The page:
I'll Be Seeing You

I notice people, strangers. Sitting across from them on the train. Passing them on the street. Standing in line with them at Starbucks.

Most of them don’t notice me back. They’re lost in their own world, thinking about what they’ve got to do, where they’ve got to go. I think about these people. I wonder what they do at night. Do they go home to an empty apartment, curled up on their couch in front of The Real Housewives of Wherever? Or do they meet some friends at a bar? Do they still live with mom and dad, still saving up for the big move? Or maybe they’re living with their fiancée while they plan their spring wedding?

Maybe they’re new to the city, just moved to Chicago from Dayton or Dallas, their first real job out of college. They left their friends and family to start a new life here. I wonder if some day, soon (too soon!) one of them will be my daughter or one of my sons.

I wonder--- these people I pass on the street, how are their lives going so far? Have the years leading up to this moment been everything they hoped it’d be? What’s going through their minds as they drift off to sleep each night? Are they happy? Or just happy enough, waiting for the day when everything’s bound to fall into place?

crowdI think: there’s a very good chance I will never see the person I passed, again. Our paths crossed this once and will never cross a second time. Of the more than seven billion humans roaming the face of this planet, the story arc of the guy ordering the no foam double-shot latte in front of me will never intersect mine, ever again. The cosmos has other plans for us. These people are the extras and bit players in the movie of my life as I am in theirs.

Then: there are strangers I see repeatedly if I happen to walk the same route. (They aren’t total strangers then, are they?) If I replicate the same routine more than once: make the light at Wacker, stop for coffee under the El at Wells, wait to cross at LaSalle, I’ll pass the “hipster” girl with the bobbed, black hair and thick, black glasses. Or the grey-haired Slavic man, his gaze fixed off in the distance as he speeds along the sidewalk, despite the limp in his left leg.

I’ve sat with a commuter trainload of strangers twice a day, every weekday for almost twenty years now. I’ve never learned their names but I know their faces. I give these people backstories, filling in the blanks.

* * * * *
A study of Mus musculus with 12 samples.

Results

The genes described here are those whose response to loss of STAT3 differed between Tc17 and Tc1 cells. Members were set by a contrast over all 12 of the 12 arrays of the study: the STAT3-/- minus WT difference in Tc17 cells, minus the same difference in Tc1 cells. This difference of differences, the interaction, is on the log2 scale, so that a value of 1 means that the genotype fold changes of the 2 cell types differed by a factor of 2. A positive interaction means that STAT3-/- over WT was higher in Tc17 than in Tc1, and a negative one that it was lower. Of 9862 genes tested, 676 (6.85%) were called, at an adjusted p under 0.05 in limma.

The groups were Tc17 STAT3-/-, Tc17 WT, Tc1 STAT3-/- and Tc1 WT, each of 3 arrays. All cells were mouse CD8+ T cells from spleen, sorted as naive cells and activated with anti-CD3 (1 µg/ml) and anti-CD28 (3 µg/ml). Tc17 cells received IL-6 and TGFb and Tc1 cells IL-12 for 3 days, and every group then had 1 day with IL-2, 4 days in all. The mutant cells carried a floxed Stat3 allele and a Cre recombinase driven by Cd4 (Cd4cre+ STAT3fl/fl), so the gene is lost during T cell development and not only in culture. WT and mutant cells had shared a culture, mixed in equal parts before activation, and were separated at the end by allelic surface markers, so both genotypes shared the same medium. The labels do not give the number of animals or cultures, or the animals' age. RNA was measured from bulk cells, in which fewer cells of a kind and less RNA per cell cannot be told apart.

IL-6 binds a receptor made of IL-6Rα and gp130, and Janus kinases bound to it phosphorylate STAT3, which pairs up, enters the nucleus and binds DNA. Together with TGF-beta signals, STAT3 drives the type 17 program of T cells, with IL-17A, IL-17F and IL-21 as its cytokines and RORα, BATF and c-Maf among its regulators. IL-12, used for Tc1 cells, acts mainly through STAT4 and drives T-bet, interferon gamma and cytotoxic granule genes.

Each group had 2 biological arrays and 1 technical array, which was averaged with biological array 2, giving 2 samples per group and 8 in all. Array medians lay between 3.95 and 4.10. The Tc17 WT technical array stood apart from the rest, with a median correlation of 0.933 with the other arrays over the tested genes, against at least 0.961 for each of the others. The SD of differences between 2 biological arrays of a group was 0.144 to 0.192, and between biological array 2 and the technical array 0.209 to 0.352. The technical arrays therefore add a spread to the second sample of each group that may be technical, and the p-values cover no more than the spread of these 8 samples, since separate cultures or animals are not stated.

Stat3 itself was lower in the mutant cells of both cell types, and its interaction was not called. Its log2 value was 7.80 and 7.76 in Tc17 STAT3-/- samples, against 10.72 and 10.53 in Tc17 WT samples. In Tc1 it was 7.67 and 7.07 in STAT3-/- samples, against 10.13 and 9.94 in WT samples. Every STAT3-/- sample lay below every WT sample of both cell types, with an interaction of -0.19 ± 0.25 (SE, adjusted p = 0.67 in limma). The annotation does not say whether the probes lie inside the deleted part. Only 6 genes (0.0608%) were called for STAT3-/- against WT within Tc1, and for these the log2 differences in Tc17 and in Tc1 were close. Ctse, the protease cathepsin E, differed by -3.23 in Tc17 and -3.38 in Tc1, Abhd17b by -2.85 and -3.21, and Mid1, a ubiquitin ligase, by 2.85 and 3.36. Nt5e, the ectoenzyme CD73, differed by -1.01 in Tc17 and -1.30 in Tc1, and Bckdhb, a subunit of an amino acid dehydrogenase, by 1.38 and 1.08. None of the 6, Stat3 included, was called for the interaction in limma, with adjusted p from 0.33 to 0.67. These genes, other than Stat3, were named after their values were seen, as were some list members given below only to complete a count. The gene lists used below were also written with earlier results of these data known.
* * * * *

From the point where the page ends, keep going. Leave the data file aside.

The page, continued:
The couple tucked away in the stairwell, sitting close, speaking in whispers. She’s got a diamond on her left hand but when the train pulls into our first stop she gets up and, with one last squeeze of his hand, says goodbye, leaving him behind. Is she going off to her husband/fiancée while he goes on to his stop and his girlfriend/fiancée/wife?

The well-dressed middle-aged man, quietly studying the owner’s manual for his new rifle. Maybe the nightly news has him paranoid about self-defense. Or maybe he’s kissing up to his boss who’s really into hunting.

Sometimes I don’t need to imagine their backstories when I catch a conversation: “Hey, Dave! Haven’t seen you in a while. What’ve you been up to?” Steve asks, innocently.

“Oh, hi Steve... My wife died, a week ago now, from anorexia. This is my first day back at work,” Dave tells him, unemotional, like he’s reading instructions.

“Um. Oh, um. I’m, uh, sorry to hear that.” Steve’s trying to back out, slowly.

“She had been anorexic for fourteen years or so, you knew that, and that kind of thing takes its toll after a while. Yesterday would’ve been her forty-seventh birthday.”

Or I see them outside the train--- the smartly dressed businesswoman, this time at Trader Joe’s on a Saturday helping her handicapped son from his motorized wheelchair into their minivan. Or the already rail-thin woman I catch at the health club, sweating for an hour on the elliptical.

So, yeah, I’ll be seeing you somewhere. Will you being seeing me?